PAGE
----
A new story on the Albany

BY Xavier Kataquapit Jul 19, 2019

My nephew Willie Wesley dropped in for a visit recently. He arrived with his wife Delores and their young sons Brayden and Liam. It was good to sit with them outside in the shade and share some stories in our Cree language. It is always a treat for me to be able to chat in my original language and it helps me to keep the words of my ancestors alive.

Willie, Delores, eight-year-old Brayden and two-month-old Liam are heading out on an adventure as they move back up north to Fort Albany, Delores’ ancestral home. Willie is from Attawapiskat. They are excited about their move after spending years in North Bay.

To make sure that he could transport some of his heavier possessions up to Fort Albany, Willie decided to embark on a two-and-a-half day expedition up the historic Albany River route from a launch point at Calstock First Nation. He was thinking of making the trip alone but was advised that the boat ride could be a difficult, confusing and possibly dangerous one. He and Delores were relieved when her father, Joseph Nakogee of Fort Albany, accepted to help his son-in-law with the long haul up the river.

Willie was raised in a very traditional life on the land at Attawapiskat. He learned from his grandparents Marius and Susan (my parents), and from Brian and Janie (my sister). Willie travelled the land in winter by snowmobile and in summer by boat for fishing and hunting trips from the time he could walk. Even though he is in his 20s he knows the land, how to live a traditional life and the survival skills that entails. His knowledge grew over the days he travelled an unfamiliar river route with the guidance of his father-in-law.

Joseph knew the flow and character of this great waterway. Still, it was not without a few challenges piloting Willie’s heavily loaded 16-foot aluminum boat with a only a 30-horsepower motor to push it along. Amazingly, Willie managed to fit his boat trailer snugly onto the boat along with a steel bed frame and some heavy tools. Due to the heavy load the motor was only capable of pushing the watercraft up the river at about 15 miles an hour.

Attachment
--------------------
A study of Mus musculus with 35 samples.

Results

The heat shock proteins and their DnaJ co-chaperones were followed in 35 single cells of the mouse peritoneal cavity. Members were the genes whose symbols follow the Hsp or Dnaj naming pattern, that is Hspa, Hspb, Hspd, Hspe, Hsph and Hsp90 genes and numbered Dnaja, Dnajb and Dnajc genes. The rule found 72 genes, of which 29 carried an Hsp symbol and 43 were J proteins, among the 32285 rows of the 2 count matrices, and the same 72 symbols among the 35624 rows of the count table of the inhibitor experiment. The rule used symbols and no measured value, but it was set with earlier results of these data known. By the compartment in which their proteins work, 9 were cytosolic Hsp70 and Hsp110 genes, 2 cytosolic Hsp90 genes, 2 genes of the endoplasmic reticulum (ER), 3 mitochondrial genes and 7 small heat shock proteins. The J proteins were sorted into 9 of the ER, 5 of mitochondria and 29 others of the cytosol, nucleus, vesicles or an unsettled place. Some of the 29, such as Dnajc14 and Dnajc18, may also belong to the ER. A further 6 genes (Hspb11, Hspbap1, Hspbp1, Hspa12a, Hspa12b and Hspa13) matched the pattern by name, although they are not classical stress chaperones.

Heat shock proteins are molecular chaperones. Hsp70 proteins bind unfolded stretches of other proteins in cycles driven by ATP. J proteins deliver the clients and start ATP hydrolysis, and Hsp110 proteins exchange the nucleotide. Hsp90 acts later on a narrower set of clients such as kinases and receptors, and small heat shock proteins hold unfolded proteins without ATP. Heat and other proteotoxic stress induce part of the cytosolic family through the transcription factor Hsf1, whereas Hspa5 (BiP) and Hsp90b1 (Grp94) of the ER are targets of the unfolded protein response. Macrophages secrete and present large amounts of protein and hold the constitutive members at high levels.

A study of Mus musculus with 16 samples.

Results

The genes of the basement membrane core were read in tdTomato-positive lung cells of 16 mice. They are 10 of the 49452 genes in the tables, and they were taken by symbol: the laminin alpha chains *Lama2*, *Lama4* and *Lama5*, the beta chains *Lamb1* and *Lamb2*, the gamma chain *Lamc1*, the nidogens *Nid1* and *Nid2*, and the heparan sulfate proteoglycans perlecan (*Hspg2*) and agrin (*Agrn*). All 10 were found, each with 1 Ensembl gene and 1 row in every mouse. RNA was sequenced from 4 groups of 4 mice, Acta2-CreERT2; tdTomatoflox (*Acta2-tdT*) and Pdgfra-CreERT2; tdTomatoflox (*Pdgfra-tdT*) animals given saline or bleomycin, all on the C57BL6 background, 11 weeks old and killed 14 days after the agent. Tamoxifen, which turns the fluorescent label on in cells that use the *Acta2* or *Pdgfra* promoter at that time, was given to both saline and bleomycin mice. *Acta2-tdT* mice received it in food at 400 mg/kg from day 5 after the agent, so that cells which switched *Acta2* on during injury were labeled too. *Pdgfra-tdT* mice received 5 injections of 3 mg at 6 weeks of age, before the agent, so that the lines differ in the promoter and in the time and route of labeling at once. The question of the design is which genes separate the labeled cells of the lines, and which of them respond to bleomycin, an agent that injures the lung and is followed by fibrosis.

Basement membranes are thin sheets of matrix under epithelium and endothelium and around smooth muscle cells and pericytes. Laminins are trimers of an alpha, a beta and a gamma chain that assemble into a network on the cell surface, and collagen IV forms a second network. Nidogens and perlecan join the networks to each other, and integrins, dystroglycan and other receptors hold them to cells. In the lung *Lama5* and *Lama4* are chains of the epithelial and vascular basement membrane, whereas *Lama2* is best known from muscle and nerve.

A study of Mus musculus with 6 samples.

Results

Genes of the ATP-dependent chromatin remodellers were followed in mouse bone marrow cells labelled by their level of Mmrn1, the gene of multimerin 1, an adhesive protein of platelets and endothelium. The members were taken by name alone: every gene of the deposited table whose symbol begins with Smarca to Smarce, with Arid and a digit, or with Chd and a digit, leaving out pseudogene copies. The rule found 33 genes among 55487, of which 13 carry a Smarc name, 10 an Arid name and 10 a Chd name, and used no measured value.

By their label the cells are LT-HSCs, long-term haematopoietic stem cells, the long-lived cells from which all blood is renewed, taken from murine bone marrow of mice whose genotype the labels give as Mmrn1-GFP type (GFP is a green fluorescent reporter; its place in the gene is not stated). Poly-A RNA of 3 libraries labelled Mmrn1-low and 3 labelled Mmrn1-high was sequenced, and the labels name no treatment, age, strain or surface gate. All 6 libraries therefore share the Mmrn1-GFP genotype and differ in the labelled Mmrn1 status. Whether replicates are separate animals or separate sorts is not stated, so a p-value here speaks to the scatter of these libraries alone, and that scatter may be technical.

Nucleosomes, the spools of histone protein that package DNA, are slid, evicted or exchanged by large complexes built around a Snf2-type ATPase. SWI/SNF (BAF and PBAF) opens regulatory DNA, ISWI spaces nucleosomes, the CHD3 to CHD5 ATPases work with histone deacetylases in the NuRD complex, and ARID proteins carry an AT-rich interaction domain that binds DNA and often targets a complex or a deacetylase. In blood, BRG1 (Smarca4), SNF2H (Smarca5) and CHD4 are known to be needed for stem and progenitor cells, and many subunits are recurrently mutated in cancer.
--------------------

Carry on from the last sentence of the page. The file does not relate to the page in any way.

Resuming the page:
They slept the first night at a moose camp in a portable pop-up ice hut; the second night camped along the riverbank. On their route they saw three moose and a couple of eagles. Willie was amazed at Joseph’s knowledge of the waterway as he pointed out many islands and tributaries by name as they slowly made their way up the Albany. They had to cross two sets of rapids, but the going was steady and Joseph expertly got them through safely.

I know that Willie felt vulnerable with no way to communicate with the outside world as they wound their way up the river. They had a GPS but they knew that they were very much just specks in the vast wilderness of northern Ontario. Joseph’s knowledge of the dangerous shallow spots along the river ensured there were no mishaps on their adventure.

Willie’s grandfather would have been proud of him on this adventure up the Albany. My dad was on the land at a very early age and was only 14 back in the 1940s when he first started guiding American fishermen up to remote waterways far north of Attawapiskat. His knowledge of the land and the stars was enormous and he managed to pass a lot of that traditional information to his children.

There is so much history on the Albany River for our country and our province, but especially to our people, the James Bay Cree. The Albany River has been an important Indigenous waterway for thousands of years and for many hundreds of years was used by the English and French fur traders.

Willie was surprised to know that every First World War veteran from Attawapiskat, Kashechewan and Fort Albany would have travelled south as a group along this river to access the rail line near Pagwa rail station just west of Calstock. When those who survived would return several years later, they arrived in small groups or as individuals, dropped off at the station and simply told to go home on their own. During different seasons of the year, they walked or snowshoed. If they found a canoe, they paddled back alone to their homes after having served their country.

Like most adventures under the guidance of someone with so much experience on the land, I knew that Willie also benefited from the conversations he had with Joselph as they slipped along on the rapid, wide river. I am sure he sensed the many spirits of that river on his journey and that they will surely help him on his way into the future. This famous river still has more stories to tell.